Tuesday, May 20, 2014

What's striking about the Mass. AG's deal with Partners Healthcare System is what it does not do.  Although it puts some restrictions on the organization, it leaves in place a colossus with a common bottom line that can shift costs among its component parts.  And, the actual restrictions will not make any appreciable difference in the pricing differential for this system relative to others.

As noted on WBUR's Commonhealth blog:

If Partners prices rise 2 percent a year, and prices for similar Boston hospitals go up 3.6 percent, the gaps narrow, Boros says.

“Specifically, our 2012 data shows that Brigham and Women’s prices are 24 to 33 percent higher than Beth Israel Deaconess Medical Center and 26 to 59 percent higher than Tufts Medical Center. After six years, these gaps close to 13 to 21 percent higher for BIDMC and 15 to 45 percent higher for Tufts,” Boros said.

What was the alternative to this give-away?  Well, a similar set of circumstances arose in the United Kingdom, where one set of privately owned hospitals was found to have had excessive market power in the central London area. Last month, the government regulator, the Competition and Markets Authority, decided that the remedy should include divestiture of assets of HCA hospitals:

The CMA has found that many private hospitals face little competition in local areas across the UK and that there are high barriers to entry. This leads to higher prices for self-pay patients in many local areas – and for both self-pay and insured patients in central London, where HCA, which owns over half of the available overnight bed capacity, charges significantly higher prices to insured patients than its closest competitor.

The CMA will also require HCA to sell the London Bridge and Princess Grace hospitals or alternatively the Wellington hospital including the Wellington Hospital Platinum Medical Centre (PMC).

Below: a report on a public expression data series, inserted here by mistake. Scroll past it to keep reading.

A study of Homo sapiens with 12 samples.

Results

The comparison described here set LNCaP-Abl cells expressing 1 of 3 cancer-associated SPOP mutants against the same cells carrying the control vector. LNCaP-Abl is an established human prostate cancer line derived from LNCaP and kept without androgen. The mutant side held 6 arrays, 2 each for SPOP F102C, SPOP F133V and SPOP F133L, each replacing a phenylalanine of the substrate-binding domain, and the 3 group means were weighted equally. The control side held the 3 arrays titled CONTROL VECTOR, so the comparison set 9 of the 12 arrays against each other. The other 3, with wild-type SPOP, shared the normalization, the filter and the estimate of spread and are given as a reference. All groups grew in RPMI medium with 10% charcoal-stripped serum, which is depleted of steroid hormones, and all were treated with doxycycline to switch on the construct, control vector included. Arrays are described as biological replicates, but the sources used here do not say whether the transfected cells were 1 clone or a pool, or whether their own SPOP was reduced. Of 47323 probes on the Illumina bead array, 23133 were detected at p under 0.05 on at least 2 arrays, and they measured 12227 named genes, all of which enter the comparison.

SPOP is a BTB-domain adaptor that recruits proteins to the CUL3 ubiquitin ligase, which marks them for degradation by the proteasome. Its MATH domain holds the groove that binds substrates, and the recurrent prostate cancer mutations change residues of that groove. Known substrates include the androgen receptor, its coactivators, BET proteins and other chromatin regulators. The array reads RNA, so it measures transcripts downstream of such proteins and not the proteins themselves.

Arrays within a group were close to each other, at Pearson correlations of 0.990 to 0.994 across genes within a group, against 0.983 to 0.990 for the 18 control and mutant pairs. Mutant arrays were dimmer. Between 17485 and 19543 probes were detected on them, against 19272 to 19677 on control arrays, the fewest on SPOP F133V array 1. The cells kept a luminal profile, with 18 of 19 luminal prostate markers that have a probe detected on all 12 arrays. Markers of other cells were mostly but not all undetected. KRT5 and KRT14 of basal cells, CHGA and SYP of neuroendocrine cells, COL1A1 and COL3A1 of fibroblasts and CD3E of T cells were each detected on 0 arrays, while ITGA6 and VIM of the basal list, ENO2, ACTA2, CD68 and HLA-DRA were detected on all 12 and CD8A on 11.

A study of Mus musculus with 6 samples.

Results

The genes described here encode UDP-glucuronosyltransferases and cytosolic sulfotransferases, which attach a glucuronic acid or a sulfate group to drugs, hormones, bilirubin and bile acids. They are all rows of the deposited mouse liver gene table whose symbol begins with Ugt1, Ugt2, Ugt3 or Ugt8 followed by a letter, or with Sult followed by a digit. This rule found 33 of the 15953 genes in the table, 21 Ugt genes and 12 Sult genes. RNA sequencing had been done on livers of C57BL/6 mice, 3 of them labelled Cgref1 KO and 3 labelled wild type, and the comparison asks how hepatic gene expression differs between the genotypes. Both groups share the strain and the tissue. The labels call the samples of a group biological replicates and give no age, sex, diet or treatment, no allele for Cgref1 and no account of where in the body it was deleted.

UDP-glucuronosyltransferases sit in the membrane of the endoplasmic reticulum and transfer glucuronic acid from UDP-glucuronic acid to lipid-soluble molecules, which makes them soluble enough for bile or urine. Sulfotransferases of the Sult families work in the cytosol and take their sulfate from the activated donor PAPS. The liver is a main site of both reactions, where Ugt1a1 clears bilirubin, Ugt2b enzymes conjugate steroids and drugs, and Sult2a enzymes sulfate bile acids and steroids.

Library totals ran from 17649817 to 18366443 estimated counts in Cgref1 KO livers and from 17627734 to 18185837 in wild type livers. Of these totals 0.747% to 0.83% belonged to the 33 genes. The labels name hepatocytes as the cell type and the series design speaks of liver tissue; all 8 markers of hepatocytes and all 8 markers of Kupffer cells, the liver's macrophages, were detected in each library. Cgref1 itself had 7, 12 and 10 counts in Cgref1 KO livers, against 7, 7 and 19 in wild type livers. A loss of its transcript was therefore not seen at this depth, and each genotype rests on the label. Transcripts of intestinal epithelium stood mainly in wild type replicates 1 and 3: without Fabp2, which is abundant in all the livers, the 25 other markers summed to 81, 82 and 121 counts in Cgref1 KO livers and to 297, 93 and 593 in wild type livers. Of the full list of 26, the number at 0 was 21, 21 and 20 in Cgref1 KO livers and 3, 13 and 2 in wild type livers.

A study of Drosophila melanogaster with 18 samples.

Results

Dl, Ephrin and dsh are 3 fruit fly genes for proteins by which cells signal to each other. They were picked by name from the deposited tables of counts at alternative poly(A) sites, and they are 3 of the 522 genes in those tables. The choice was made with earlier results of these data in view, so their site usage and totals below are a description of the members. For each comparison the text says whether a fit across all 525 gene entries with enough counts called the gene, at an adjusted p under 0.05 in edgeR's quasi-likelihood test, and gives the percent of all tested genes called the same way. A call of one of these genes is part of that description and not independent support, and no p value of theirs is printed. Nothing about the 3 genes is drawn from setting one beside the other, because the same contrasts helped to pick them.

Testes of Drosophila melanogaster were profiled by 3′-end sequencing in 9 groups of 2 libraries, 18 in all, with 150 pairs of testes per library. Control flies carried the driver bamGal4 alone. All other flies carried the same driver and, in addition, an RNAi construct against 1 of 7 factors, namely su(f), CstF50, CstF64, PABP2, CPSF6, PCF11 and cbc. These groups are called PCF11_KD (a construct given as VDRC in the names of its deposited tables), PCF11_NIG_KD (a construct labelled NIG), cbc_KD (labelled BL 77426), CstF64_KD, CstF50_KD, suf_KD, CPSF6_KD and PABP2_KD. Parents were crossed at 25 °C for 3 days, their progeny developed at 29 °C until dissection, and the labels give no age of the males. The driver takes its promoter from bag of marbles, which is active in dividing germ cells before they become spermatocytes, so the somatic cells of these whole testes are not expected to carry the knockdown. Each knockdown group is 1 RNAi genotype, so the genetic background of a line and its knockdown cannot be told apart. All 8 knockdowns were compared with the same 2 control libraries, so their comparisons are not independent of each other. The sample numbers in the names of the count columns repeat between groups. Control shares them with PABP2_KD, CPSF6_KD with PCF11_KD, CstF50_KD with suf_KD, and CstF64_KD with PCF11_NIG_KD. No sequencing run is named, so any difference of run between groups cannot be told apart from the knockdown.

Why did the AG blink at this possible remedy?

It's time to break up Standard Oil.  Of course, back then, the Supreme Court did the job.  Here, clearly the AG made a deal with the US Department of Justice to obtain primary jurisdiction for the case.  The problem with that is that the AG just has too many local affiliations to effectively regulate this massive employer. There's a reason we need Federal oversight from time to time.  The DOJ erred in allowing otherwise in this matter.

By the way, I also don't see anything in this agreement that would limit PHS' ability to establish its own insurance company.  As I have noted:

What will happen in markets like Boston where there is a dominant health care provider with dramatically higher costs than the rest of the market?  Is it possible for insurance companies to create commercially viable limited networks comprising the lower costs doctors and hospitals? They may try, but the day may also come when that provider group, to save its position, will create the insurance entity that will focus business towards itself.  Once it does, it will be able to manipulate internal transfer pricing to optimize profitability.